The police never notice the small detail in the background of a police photograph of an abandoned car. A detail that tells Detective Inspector Napoleon Bonaparte plainly that the mysterious disappearance of Luke Marks near Windee Station is anything but accidental.

Why had Luke Marks driven specially out to Windee? Had he been murdered or had he, as the local police believed, wandered away from his car and been overwhelmed in a dust-storm? Bony feels the answers lie somewhere in the sands of Windee.

©1931 Bonaparte Holdings Pty Ltd (P)2012 Bolinda Publishing Pty Ltd

What members say

Average Customer Ratings

Overall

  • California
  • 07-26-15

Boney is more than a simple half caste bush bum.

What made the experience of listening to Sands of Windee the most enjoyable?

The depiction of Australia in the 30's has a solid real feel. The reader provides a genuine Australian feel in a completely understandable pronunciation. The characters, action and situations easily provide you in a warm authintic feeling mystery.

What did you like best about this story?

Inspector Napoleon Bonaparte. While Boney was obviously full of himself he never took that to seriously.

Have you listened to any of Peter Hosking’s other performances before? How does this one compare?

No unfortunately I haven't but see it as an obvious plus and an asset to any book.

Any additional comments?

Definitely out of the ordinary. When everything runs together or seems similar in the mystery genre these and McGinnis's books are a treat.

2 of 2 people found this review helpful


Upfield has created a memorable detective in Bony. This particular story ranks up there with the greats, especially since Bony applies Sherlockian logic but with a twist. Australian outback seems exotic and unknowable. Some of the cultural references are disturbing to the modern reader and should be. But if you can look past this and just enjoy the story, you will be entertained. Excellent narration.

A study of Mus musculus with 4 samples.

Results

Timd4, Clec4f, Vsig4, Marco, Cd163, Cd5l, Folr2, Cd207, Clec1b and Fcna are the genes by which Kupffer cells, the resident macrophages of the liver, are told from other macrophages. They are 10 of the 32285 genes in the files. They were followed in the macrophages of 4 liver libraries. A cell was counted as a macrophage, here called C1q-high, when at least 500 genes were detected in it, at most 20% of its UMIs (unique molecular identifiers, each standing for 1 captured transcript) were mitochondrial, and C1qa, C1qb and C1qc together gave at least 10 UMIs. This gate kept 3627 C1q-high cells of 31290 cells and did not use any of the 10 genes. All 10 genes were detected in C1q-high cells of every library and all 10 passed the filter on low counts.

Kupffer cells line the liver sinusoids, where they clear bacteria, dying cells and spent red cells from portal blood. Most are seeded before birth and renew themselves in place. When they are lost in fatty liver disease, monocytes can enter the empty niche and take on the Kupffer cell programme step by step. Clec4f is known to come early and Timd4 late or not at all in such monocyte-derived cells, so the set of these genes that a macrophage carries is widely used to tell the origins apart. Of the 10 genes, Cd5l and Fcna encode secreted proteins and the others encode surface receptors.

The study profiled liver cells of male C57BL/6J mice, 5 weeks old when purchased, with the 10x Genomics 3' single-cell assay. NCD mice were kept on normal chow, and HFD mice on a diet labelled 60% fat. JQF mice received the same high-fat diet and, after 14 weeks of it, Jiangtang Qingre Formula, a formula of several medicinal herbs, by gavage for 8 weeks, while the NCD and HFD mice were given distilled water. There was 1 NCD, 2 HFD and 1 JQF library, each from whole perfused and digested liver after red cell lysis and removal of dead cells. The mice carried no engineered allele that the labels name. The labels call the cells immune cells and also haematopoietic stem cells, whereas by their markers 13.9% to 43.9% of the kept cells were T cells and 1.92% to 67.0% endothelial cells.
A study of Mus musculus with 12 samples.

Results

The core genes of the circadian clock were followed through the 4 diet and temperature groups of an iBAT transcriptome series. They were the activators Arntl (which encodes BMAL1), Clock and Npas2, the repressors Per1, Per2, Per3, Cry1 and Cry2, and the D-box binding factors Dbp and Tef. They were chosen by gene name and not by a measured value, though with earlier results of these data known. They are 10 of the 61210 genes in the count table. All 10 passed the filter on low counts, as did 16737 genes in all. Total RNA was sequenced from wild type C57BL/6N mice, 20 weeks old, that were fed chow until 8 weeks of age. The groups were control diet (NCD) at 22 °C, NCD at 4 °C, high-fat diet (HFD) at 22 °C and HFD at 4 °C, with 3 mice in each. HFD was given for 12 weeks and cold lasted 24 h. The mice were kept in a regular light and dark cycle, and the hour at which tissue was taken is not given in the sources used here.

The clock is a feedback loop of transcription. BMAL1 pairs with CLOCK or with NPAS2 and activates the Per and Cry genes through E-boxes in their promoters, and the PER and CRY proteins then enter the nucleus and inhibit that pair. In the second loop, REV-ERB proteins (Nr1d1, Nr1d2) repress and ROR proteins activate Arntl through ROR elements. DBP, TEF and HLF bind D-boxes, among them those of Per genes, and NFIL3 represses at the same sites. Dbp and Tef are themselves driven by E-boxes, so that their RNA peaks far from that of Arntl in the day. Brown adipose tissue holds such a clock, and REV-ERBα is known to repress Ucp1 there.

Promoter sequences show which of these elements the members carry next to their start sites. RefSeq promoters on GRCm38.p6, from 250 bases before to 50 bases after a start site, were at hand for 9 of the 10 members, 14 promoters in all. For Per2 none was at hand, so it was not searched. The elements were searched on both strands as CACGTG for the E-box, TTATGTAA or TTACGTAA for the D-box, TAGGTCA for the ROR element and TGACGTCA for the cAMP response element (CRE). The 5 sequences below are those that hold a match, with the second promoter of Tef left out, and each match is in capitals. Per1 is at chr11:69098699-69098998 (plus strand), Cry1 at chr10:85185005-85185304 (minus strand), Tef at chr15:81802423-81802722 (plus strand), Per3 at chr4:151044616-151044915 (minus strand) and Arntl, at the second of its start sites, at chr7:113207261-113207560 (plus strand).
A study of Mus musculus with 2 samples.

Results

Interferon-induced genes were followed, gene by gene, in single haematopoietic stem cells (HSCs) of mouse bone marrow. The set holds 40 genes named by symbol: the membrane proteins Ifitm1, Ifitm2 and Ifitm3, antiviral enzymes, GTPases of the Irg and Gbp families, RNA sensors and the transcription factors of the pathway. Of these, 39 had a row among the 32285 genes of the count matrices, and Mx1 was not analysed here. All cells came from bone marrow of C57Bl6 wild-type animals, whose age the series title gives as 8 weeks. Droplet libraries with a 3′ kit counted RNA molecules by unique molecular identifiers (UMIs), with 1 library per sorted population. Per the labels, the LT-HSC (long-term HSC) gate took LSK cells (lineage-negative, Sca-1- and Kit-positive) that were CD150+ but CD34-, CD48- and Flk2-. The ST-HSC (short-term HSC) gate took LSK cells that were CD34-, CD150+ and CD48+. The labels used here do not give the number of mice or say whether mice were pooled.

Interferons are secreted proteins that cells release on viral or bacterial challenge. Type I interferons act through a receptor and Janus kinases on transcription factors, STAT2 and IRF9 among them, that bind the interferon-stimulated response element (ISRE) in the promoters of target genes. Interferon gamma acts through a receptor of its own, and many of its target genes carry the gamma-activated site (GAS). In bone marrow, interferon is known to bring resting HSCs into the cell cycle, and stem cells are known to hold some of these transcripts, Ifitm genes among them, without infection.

1 of 1 people found this review helpful


Another beautifully written and masterfully narrated novel of a time long ago when men were good and wanted to be good and how they stayed good when other men were bad.

3 of 4 people found this review helpful


Great story with sympathetic characters. Peter Hosking is terrific. Bony always finds a way to solve the crime but leave people's dignity intact.


i picked this one because it was referred to in another of the books as his only failure. It turned out to be one of the most interest in g I'Ve listened to so far!

  • 09-29-12

Brilliant

Excellent early part of the Boney series. Wonderfully evocative of the age, and if you can delay looking things up until AFTER you've heard the book, a fascinating real-life parallel in Australian crime.

  • 05-18-14

Sands of Windee

Love my Boney novels. Read them all as a child and reread them every few years. This is the first audio novel on the series that I've listened to and I enjoyed it no end. Peter Hosking did a good job at separating the characters and made the listen enjoyable. I've noticed that some people comment on how un-PC the novels are - but I think of the time they were written, the world has never been a perfect place, and books written before our time have to be accepted as such with none of our judgements placed upon them.